547,500. The number of sins I estimate I will have compiled by the age of 75. (And that is a very conservative estimate.)
Romans 3:19-20 (NLT)
Obviously, the law applies to those to whom it was given, for its purpose is to keep people from having excuses, and to show that the entire world is guilty before God. For no one can ever be made right with God by doing what the law commands. The law simply shows us how sinful we are.
About these verses, John Stott wrote, "There is nothing to wait for but the pronouncement and execution of the sentence." (Romans, p.102)
Throughout history many people have tried to secure a ticket to heaven through being "good." If a person is "good enough" then they probably should go to heaven… or something like that, right? Mother Theresa was sooooo good, that she must have gotten an automatic pass through the pearly gates, right? Ghandi must be okay, right? King David… well, maybe not… had trouble with his libido. St. Peter… hmmm… didn't he cut off a guy's ear? Chuck Swindoll… he rides a motorcycle. My dog… he's pretty good i guess… most loyal 'human' on earth… but he's got a potty problem.
Anyways, at some point, isn't it true that many of us slip into an assumption that a person's "good deeds" should cancel out their" bad deeds" and that should make it all okay for us in the end? Time for "good" behavior, right? Certainly that's how God must see things… Kind of an unspoken rule that 1 good deed makes up for 10 bad ones or something like that.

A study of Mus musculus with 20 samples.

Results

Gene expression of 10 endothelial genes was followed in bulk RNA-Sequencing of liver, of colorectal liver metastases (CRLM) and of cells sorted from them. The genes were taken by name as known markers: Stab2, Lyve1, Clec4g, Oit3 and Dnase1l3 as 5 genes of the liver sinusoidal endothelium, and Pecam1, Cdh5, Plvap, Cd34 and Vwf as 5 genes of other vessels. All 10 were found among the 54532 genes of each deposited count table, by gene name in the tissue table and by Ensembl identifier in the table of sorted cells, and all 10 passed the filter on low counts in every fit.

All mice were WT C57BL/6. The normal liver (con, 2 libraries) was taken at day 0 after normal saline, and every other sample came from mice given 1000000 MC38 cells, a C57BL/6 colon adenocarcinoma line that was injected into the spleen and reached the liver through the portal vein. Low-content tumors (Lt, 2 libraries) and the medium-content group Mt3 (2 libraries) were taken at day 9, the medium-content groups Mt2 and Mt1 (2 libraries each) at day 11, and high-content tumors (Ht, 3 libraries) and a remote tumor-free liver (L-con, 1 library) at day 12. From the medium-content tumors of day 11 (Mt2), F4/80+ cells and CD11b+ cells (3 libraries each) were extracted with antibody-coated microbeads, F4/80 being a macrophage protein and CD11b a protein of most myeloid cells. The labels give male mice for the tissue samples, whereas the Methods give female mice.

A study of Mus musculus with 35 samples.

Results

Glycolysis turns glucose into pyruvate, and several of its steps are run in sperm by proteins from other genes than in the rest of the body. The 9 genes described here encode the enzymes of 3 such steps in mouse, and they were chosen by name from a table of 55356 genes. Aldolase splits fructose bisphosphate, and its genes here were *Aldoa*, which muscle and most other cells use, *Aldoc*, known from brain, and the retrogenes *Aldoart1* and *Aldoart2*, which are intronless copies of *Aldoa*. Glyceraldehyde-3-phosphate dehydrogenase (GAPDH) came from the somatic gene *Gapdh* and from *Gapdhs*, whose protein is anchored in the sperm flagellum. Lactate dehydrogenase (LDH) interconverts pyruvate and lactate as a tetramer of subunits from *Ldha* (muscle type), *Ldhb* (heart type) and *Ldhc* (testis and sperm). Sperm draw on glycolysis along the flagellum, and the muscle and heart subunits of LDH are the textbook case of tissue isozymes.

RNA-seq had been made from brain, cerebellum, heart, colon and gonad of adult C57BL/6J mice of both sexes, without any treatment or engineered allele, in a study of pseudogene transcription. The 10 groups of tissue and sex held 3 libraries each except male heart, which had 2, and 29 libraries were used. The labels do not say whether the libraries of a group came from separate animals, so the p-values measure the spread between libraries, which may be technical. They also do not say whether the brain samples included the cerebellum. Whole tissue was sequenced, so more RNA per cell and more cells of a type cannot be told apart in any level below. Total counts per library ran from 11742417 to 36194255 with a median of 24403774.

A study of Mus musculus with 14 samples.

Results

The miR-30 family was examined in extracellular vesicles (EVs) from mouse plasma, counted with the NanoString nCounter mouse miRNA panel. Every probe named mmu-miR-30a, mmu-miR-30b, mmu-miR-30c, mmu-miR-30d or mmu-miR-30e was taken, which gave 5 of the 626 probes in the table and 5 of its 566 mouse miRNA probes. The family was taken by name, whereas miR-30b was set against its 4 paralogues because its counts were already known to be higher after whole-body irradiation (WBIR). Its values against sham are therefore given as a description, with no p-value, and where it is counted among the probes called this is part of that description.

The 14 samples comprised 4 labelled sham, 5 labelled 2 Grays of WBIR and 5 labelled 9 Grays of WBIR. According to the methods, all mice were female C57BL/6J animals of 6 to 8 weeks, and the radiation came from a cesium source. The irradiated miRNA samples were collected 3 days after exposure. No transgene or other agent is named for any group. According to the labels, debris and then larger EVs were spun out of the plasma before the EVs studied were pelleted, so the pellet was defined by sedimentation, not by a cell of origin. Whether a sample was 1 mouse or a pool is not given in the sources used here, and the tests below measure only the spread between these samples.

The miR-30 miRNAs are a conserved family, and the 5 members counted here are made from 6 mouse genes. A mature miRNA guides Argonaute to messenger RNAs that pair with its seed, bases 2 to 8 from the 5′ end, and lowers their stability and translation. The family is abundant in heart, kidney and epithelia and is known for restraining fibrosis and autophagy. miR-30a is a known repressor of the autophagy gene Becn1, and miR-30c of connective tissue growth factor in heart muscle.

But in verse 20, Paul declares that "no one can ever be made right with God by "doing what the law commands"… a phrase understood to mean "good works"… or literally, "works of the law." In other words, God has a set pattern and no one has ever followed that pattern well enough to "be made right." Don't kill, don't covet, don't commit adultery, don't put anything before God—- even considering just five of the foundational list of 10 commands and already everybody on earth in all of history has broken God's set pattern. Added to this list are other things like caring for foreigners, turning the other cheek, forgiving people's debts, and keeping a sabbath. Oh boy.
But can a person do enough good works to overcome the pile of bad ones? Where's the mercy rule? Can Oprah give away enough cars? Can Bill Gates give away enough millions? I grew up in this certain country, went to this certain church, had this certain thought, told the truth in this certain situation, helped this certain person… is that good enough?
Asking the question proves us wrong. We are not good enough to be right.
Because no matter how many good things a person does, the fact still remains that God's pattern is totally utterly completely perfect… with no flaws or failures or fudging. To err is to mess up perfection. Just once… and we're proved wrong. Only 1 mistake… and we are shown to be "sinful".
Oh, does that seems harsh?
Well, consider this: even if I only make 1 sinful mistake a day, I'll still make 27,375 sins in a 75 year lifespan. That's quite a few. A lot more than one. And the disgusting truth is that I must sin by the multiples each day (I certainly did today- just ask my family!)… Yes, yes, yes… Sometimes the sins are small… But woah… Sometimes the sins are a bit bigger… and yikes… Sometimes the sins are atrocious… And small, bigger, biggest, each one involves breaking God's law. So I suspect by the time I die (if 75 is the age I'm blessed to live to), at a 20 sin a day average (and that's a very low estimate!), I will have sinned some 547,500 times.
I've no excuse. I have been, am, and will be a sinner. It's proven over a half-million times in my life.